Summary (from back cover):
When Crispin, Lord Cavratt, thoroughly and scandalously kisses a serving woman in the garden of a country inn, he assumes the encounter will be of no consequence. But he couldn't be more mistaken--the maid is not only a lady of birth, she's the niece of a very large, exceptionally angry gentleman, who claims Crispin has compromised his niece beyond redemption. The dismayed young lord has no choice but to marry Miss Catherine Thorndale, who lacks both money and refinement and assumes all men are as vicious as her guardian uncle.
Trapped between an unwanted marriage and a hasty annulment, which would leave his reputation tainted and Catherine's utterly ruined, Crispin begins guiding his wife's transformation from a socially petrified country girl to a lady of society. Their unfolding relationship reveals encouraging surprises for both of them, and privately each of them wonders if theirs may become a true marriage of the heart. But their hopes are dashed when forces conspire to split asunder what fate has granted. As a battle of wits escalates into a life-threatening confrontation, will it be possible for Crispin and Catherine to live happily ever after?
I decided to read this book because I really enjoyed Sara's last book, Courting Miss Lancaster, which I read because I met Sara at a writing conference and really enjoyed her as a person. It actually took me two trips to Deseret Book to finally purchase this novel because the first time I went they didn't have it. If you decide to buy it, you may want to check Deseret Book (or Seagull) online or call the store first, although it's selling really well so the bookstore may be making more of an effort to keep it in-stock.
This story has the same light, funny quality that her other book has, so if you've read one of her novels before and enjoyed it, you'll most likely enjoy this one as well (it even makes reference to some of the characters from her other books). However it does have some darker characters- specifically the Uncle who beats and abuses Catherine.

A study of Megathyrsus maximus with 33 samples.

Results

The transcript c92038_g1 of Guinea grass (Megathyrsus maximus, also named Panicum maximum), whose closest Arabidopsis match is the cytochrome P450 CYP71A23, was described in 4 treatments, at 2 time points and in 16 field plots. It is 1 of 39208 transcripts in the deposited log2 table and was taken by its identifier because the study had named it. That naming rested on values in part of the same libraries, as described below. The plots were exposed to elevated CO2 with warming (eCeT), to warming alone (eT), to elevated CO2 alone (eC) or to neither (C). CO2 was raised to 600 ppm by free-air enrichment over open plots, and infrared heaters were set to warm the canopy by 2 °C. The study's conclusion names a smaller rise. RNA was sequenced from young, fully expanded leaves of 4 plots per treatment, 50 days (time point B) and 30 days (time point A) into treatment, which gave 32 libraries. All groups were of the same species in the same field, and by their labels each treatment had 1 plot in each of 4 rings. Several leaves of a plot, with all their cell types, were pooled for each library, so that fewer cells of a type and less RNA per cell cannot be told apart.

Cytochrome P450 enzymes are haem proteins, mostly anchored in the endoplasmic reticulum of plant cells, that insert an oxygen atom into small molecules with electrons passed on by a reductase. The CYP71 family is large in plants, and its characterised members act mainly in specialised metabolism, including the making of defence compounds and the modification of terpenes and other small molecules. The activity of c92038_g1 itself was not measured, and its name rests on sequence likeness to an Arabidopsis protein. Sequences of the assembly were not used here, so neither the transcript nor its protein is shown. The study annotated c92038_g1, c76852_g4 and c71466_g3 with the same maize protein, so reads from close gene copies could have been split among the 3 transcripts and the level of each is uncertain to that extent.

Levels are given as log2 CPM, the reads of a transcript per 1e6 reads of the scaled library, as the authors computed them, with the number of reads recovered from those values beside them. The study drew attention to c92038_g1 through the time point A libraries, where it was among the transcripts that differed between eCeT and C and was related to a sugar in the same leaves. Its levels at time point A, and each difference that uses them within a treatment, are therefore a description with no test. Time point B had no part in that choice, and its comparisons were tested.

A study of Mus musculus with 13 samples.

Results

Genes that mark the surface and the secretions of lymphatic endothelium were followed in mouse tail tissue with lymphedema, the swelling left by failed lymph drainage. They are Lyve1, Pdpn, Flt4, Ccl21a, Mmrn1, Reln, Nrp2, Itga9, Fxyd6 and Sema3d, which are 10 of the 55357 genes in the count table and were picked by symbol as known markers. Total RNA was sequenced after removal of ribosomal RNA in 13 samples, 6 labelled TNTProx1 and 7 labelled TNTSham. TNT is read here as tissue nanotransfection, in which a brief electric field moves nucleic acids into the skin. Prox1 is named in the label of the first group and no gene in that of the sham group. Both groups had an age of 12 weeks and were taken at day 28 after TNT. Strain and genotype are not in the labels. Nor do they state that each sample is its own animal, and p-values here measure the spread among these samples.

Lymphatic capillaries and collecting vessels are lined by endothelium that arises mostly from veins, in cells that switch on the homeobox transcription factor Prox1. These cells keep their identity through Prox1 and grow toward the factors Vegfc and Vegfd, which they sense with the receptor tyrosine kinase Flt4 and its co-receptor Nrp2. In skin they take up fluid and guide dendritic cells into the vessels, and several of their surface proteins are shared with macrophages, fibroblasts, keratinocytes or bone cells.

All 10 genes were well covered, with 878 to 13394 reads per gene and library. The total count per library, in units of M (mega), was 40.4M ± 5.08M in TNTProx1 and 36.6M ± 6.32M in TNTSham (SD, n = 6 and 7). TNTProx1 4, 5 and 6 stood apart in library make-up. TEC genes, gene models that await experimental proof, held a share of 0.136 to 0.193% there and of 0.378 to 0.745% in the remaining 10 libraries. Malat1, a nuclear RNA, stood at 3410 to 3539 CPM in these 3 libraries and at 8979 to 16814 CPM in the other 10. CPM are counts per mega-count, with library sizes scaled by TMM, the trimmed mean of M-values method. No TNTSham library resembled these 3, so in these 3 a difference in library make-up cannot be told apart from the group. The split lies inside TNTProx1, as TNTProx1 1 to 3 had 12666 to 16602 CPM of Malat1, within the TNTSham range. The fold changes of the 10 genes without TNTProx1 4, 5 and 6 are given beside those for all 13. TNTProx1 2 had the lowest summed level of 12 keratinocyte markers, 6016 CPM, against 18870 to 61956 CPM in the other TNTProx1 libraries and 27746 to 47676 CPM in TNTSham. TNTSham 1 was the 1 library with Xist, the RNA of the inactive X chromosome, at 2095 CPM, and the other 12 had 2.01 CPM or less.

In the beginning of the novel, Catherine is a flawed heroine-- injured from a life of child abuse-- which is a-typical of most of the Regency books I've read. Sure, a lot of times the main character is the underdog for some reason (lack of wealth, a disreputable family member, etc.), but they're rarely as damaged as Catherine appears to be. I think Sara does a great job of making Catherine seem like a realistic character- someone you believe has truly been injured but is likable enough to make you also believe they're capable of having a happy ending.
The story is fast-paced (I read it in one day) and enjoyable.
I think this is the perfect read for someone who is a fan of Jane Austen and Regency romance in general. Sara Eden does a great job of writing stories that are in keeping with the traditions of that time period and it's obvious in reading her books that she's done her research. I look forward to reading more novels from her and I wouldn't hesitate to recommend this book to anyone who might be interested.